My curiosity for psychology of design brought me to graduate school where I started reading literature about product semantics and then ecology of perception, behavioral science, cognitive science, social psychology, evolutionary psychology, cognitive linguistics and conceptual metaphors in communications and sense making. Since my undergraduate education was in industrial design, my core curiosity during those years was for how people construct and make sense of their material world.
As I entered the workforce as a design researcher with a philosophical mental framework of participatory design, I began to pay attention to both individual and collective imagination and creativity. My ultimate objective was to find an insight and turn that into a narrative that would resonate with and inspire behaviors and choices made by a community.
Traveling around the world to study people, cultures and change began to change my curiosity from design of the human experience of the material world (which includes brands and service design) to envisioning of a convivial society (inspired by Ivan Illich). This means my designerly skills were searching for societal problems to solve rather than just limiting my skills to serving my clients’ need to create compelling experiences for their customers.
The past four years changed my mental model of my place in the world. I started calling myself an ethnographer of social imagination and catalyst of co-creation. The pandemic led to my temporarily shutting down my business, so I could just wander, observe and listen to everyday people and search for a deeper understanding of how society evolves and how individuals and communities participate in that evolution. I paid attention to inequities and violence in the world and how different people have created their own projects to create a more equitable and harmonious society. Being a firm believer in democracy and social justice I began to look for a way to turn prevalent narratives of nationalism, majoritism, and parochialism, into more compassionate and accommodative alternatives.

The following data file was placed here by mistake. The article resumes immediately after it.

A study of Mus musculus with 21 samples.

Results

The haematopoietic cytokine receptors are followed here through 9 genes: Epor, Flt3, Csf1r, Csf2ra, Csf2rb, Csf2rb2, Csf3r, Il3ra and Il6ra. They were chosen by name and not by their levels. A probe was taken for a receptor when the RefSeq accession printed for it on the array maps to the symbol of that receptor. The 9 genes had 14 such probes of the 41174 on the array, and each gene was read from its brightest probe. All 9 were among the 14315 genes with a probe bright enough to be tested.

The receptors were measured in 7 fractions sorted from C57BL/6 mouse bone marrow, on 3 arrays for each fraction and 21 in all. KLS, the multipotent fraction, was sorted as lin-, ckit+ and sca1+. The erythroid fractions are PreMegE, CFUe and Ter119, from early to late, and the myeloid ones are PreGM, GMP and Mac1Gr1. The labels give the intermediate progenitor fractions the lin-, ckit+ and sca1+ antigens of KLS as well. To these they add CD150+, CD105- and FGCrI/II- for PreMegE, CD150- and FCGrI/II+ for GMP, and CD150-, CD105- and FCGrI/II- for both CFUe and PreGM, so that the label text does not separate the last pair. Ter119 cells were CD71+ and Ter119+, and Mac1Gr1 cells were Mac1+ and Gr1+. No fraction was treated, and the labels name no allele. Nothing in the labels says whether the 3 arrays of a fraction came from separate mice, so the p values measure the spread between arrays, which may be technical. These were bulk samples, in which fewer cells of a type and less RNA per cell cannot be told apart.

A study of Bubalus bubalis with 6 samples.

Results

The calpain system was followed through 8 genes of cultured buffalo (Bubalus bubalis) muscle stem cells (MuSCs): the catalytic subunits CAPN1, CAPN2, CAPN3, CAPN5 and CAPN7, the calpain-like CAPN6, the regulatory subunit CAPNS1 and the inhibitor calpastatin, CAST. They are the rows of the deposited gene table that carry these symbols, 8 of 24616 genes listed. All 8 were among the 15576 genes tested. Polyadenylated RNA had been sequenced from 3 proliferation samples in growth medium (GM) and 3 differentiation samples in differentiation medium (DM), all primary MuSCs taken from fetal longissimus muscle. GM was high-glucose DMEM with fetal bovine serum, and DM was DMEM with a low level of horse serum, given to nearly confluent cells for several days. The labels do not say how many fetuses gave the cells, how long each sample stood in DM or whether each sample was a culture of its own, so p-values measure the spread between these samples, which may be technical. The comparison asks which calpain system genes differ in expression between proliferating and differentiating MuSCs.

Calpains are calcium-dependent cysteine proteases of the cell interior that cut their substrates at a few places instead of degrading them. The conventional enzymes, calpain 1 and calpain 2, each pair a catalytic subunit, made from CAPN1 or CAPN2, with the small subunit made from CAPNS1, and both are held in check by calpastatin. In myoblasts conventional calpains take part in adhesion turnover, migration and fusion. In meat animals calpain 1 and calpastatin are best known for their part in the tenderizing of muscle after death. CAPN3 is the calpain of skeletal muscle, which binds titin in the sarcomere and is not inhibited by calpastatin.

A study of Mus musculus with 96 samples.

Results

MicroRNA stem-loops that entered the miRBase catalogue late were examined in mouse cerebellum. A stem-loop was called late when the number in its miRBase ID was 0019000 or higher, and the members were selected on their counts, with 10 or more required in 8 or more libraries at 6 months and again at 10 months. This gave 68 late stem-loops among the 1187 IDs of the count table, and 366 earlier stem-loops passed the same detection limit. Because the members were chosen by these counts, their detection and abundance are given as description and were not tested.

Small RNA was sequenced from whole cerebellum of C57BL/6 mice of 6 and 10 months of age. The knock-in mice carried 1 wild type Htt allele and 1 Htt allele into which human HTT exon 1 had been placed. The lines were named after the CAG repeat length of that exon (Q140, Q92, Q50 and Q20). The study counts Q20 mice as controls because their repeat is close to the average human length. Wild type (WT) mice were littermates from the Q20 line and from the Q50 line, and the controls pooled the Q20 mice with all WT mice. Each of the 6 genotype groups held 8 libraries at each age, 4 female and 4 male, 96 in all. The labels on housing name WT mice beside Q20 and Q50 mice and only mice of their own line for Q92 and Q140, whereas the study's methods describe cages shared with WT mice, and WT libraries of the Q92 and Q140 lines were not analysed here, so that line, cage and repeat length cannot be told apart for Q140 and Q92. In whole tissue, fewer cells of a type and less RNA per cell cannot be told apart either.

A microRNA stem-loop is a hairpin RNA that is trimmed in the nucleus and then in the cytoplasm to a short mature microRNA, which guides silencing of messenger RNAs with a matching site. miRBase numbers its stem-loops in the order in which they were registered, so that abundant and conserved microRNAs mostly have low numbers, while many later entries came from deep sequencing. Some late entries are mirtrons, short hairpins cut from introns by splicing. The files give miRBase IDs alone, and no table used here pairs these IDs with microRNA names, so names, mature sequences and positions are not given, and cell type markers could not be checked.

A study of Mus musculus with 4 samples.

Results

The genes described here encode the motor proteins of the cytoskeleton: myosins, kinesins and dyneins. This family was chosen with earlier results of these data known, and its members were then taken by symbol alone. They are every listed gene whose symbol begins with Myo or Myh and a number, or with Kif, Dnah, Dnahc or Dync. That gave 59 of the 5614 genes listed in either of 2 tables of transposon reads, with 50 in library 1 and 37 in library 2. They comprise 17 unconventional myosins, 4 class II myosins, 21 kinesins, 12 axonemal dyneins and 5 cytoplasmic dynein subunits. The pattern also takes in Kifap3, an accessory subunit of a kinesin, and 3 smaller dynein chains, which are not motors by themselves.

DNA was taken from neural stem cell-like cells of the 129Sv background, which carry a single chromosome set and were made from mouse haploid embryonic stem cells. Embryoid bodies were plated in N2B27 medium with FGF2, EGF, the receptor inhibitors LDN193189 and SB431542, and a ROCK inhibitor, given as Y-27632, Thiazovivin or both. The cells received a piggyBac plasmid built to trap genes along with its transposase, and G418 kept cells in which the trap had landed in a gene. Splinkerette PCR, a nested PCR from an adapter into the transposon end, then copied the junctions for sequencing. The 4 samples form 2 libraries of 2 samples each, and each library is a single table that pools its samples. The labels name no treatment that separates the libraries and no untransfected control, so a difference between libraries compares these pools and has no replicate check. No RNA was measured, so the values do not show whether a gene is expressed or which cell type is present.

Three experiences brought about a breakthrough in my understanding. I started writing and sharing poetry in community gatherings. I started my oral history documentation project “The legacy of India’s imagination”, I also started moderating community dialogues around what being human means in the era of Artificial intelligence. All of these interactions brought me to a realization that a small group of inspired individuals dedicated to transforming the society to a more equitable and compassionate one, can trigger a cumulative and cascading effect that is more impactful than the narratives politicians, and businesses plant in social imagination to serve their narrow interests.
Every community interaction I have had -be it just a dialogue or a poetry reading session- gives me the confidence that the theory of butterfly effect ( Edward Norton Lorenz) works. The ripple effect they create is inspiring. A community of butterflies fluttering in their own corners of the world can indeed set off an avalanche of change. It affects collective consciousness and spreads the word that we don’t have to accept inequities and violence. Alternatives have been tried. They work.
I am learning that a curious, compassionate and conscientious ethnographer of imagination and catalyst of co-creation can trigger transformation of the society by bringing into social consciousness the ideas and actions that are working in remote corners of the world.